Sales professionals often open client conversations with the assumption that they already know why the conversation is taking place. For example, if a prospect calls you after accessing your website, you probably assume that they're interested in your offering, especially if the prospect spent a long time examining information about a particular product.
However, your assumptions can very easily be wrong. After all, you are assuming that the prospect understands whatever problem or challenge they face, and understands how your offering addresses it. But the prospect could just as easily be confused and have spent time looking at a product that has nothing whatsoever to do with their real needs.
When you're having that first conversation, don't assume anything. Open the conversation with a question that helps you find out why the client wants to, or agreed to talk to you. Here are some examples:
- Why are we talking?
- What is the most important thing we should be talking about?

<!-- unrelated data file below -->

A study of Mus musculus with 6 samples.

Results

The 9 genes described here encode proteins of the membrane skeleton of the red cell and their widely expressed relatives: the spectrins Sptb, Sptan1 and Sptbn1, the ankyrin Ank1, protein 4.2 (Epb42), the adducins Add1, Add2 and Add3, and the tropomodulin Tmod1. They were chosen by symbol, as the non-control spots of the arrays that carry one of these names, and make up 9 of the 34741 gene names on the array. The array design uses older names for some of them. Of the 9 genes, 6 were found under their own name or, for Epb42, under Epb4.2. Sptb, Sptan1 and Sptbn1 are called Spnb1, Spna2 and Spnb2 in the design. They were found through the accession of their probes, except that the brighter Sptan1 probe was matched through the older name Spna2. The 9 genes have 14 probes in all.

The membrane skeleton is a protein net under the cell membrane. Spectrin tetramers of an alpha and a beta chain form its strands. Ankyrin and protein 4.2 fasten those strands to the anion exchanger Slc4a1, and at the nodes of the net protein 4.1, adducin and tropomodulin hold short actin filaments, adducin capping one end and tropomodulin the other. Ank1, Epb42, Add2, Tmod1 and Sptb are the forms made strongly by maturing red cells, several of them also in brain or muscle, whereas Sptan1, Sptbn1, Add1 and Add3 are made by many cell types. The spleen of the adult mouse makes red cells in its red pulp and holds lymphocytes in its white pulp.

- What's on top of your agenda today?
Once you've calibrated what the conversation is really about, you're in a better position to come up with a solution that makes sense. You can also save yourself valuable time by avoiding giving your time to somebody who isn't really a candidate to buy what you're selling.
Here's a real life example. I recently went car shopping online, and started by accessing a bunch of websites. Every single salesperson who contacted me as a result assumed that I knew what vehicle I wanted, just because had inquired about a certain vehicle. Not one thought to ask even simple questions like:
- What kind of car do you have now?
- Why are you thinking of purchasing a new car?
- How many people will generally travel in it?
Want to sell more? Then start asking questions that don't make assumptions. Then turn up the gain control on your ears and listen, before you start talking.
The above is based on a conversation with Susan Scott, author of the best-selling and abundantly titled book, Fierce Conversations: Achieving Success at Work and in Life, One Conversation at a Time and Fierce Leadership: An Alternative to the Worst "Best" Practices of Business Today.